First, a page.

When New York punk band Perfect Pussy named their 2014 debut album Say Yes to Love, it seemed like something of a non-sequitur. How could an album so visceral, so raw, so violent be about saying yes to love? And yet: the lyrics that lead singer Meredith Graves screamed through impenetrable distortion were indeed about love and the need for connection. Perfect Pussy’s project was to highlight the jagged edges of love and that’s a project now taken up by London quartet Savages on that band’s new album Adore Life.
On first listen, there aren’t many soft edges to be found on Adore Life. Vocalist Jehnny Beth’s voice is low and filled with unflinching vibrato—she sings like she’s making eye contact with you and would win every staring contest. The taut, relentless guitar work of Gemma Thompson, Fay Milton’s riotous drums, and Ayşe Hassan’s stinging basslines all provide a rough, angular sound that registers closer to war cries than sweet nothings. And that, it turns out, was Beth’s goal.
Early in Savages’ history, Beth was reading poetry about war. She sought for a way to work the violence and beauty she encountered there into one conduit. The band’s first record, 2013’s Silence Yourself, was an obvious hybrid of those influences. From the outset, Adore Life’s bruising opening chords follow suit: Beth’s first words are, “If you don’t love me / Don’t love anybody.”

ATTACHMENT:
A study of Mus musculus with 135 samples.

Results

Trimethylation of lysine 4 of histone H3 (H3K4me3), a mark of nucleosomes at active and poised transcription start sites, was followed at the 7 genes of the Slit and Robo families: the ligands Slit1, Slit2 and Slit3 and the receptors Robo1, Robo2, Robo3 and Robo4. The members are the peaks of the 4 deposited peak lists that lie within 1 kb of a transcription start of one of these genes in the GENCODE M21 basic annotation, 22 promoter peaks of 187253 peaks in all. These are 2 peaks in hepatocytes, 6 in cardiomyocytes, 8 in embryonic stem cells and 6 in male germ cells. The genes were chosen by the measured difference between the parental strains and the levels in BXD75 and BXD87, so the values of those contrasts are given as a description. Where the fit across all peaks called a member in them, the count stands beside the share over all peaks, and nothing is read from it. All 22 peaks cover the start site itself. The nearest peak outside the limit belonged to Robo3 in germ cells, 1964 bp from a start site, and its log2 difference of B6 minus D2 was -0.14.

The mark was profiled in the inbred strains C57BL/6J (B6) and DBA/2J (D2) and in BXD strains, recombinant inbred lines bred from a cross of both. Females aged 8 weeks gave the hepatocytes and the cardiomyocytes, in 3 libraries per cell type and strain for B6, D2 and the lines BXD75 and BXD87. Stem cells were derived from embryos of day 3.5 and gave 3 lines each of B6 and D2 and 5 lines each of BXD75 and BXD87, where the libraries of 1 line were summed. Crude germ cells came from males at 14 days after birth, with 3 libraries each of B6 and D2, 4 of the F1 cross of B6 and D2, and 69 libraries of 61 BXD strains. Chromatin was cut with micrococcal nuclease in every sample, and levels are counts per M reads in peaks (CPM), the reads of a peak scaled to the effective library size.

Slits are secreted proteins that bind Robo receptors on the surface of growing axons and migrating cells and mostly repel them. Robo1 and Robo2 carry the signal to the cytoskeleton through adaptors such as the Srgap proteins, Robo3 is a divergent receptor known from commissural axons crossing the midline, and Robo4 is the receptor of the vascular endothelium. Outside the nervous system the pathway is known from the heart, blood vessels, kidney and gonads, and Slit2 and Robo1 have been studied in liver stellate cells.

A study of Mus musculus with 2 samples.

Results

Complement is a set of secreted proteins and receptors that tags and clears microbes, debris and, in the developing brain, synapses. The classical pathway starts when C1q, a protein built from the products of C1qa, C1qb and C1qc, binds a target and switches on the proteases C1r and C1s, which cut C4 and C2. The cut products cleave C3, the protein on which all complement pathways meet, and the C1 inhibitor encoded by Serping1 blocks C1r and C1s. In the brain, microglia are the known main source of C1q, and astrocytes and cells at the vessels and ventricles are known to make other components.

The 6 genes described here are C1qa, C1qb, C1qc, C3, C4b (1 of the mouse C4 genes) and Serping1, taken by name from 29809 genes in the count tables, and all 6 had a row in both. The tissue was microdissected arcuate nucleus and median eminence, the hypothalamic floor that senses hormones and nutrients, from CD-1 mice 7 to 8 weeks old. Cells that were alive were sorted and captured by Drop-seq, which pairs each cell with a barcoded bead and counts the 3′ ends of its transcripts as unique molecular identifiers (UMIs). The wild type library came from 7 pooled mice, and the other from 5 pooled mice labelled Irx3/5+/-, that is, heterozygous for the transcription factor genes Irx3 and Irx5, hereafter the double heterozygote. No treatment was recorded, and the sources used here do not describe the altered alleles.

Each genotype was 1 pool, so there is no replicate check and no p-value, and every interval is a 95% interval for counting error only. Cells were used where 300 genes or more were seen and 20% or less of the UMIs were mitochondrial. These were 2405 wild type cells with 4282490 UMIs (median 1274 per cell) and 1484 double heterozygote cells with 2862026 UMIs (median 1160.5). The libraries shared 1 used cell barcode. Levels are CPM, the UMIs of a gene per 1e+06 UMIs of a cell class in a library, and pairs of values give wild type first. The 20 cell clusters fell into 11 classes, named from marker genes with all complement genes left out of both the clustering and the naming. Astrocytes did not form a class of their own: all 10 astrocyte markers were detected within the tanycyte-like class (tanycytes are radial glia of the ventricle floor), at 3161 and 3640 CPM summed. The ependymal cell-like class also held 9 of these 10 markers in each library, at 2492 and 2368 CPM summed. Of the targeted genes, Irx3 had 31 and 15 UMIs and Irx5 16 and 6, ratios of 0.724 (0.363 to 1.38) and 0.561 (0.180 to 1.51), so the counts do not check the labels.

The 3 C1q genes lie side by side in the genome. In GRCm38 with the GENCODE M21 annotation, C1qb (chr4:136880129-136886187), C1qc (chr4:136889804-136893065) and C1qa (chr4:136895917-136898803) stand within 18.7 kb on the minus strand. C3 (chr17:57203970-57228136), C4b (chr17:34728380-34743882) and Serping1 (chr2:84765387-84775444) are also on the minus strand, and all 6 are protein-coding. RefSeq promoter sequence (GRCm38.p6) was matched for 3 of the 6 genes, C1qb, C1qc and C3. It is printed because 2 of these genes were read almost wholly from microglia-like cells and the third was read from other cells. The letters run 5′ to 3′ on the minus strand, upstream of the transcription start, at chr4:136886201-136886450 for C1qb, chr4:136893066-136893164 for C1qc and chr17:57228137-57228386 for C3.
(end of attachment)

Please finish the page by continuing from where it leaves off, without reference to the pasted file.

Yet, almost immediately, light gets through. Savages makes their impact with power, not anger. There isn’t a song on this album that lacks at least a moment of major endorphin delivery. Part of that rush is due to Beth, whose voice is never more compelling than when she swoops into a full-throated higher register with little advance warning. The band performs with an exhilarating and affirming life force. Watch any videos of their live performances, including music videos, to see the positive effect of their passion borne out physically. More than anything else, Savages is exciting. Which is why, ultimately, the initial impression of Adore Life having nothing but rough edges isn’t the full picture. How could it be, when the refrain of album opener (and first single) “The Answer” is that “Love is the answer / Love is the answer”? Or when “Sad Person” opens like a moody rock song, but suddenly blooms into something closer to a YACHT B-side?
Adore Life is an exhilarating album obsessed with love, the same way Perfect Pussy’s Say Yes To Love is. This is a stunning collection of songs dedicated to the heart-pounding, life-altering, world-rocking, de-stabilizing parts of love. Too often joy is seen as anathema to rock music, particularly punk and its offshoots. Loud, raucous, thrilling joy is what Savages is all about. Nowhere is the band’s immanent joie de vivre on better display than in “Adore,” during which Beth sings, part sledgehammer and part beam of light, “I need to say: I adore life / Do you adore life?” You’d be hard-pressed to find a band that adores life more audibly than this one.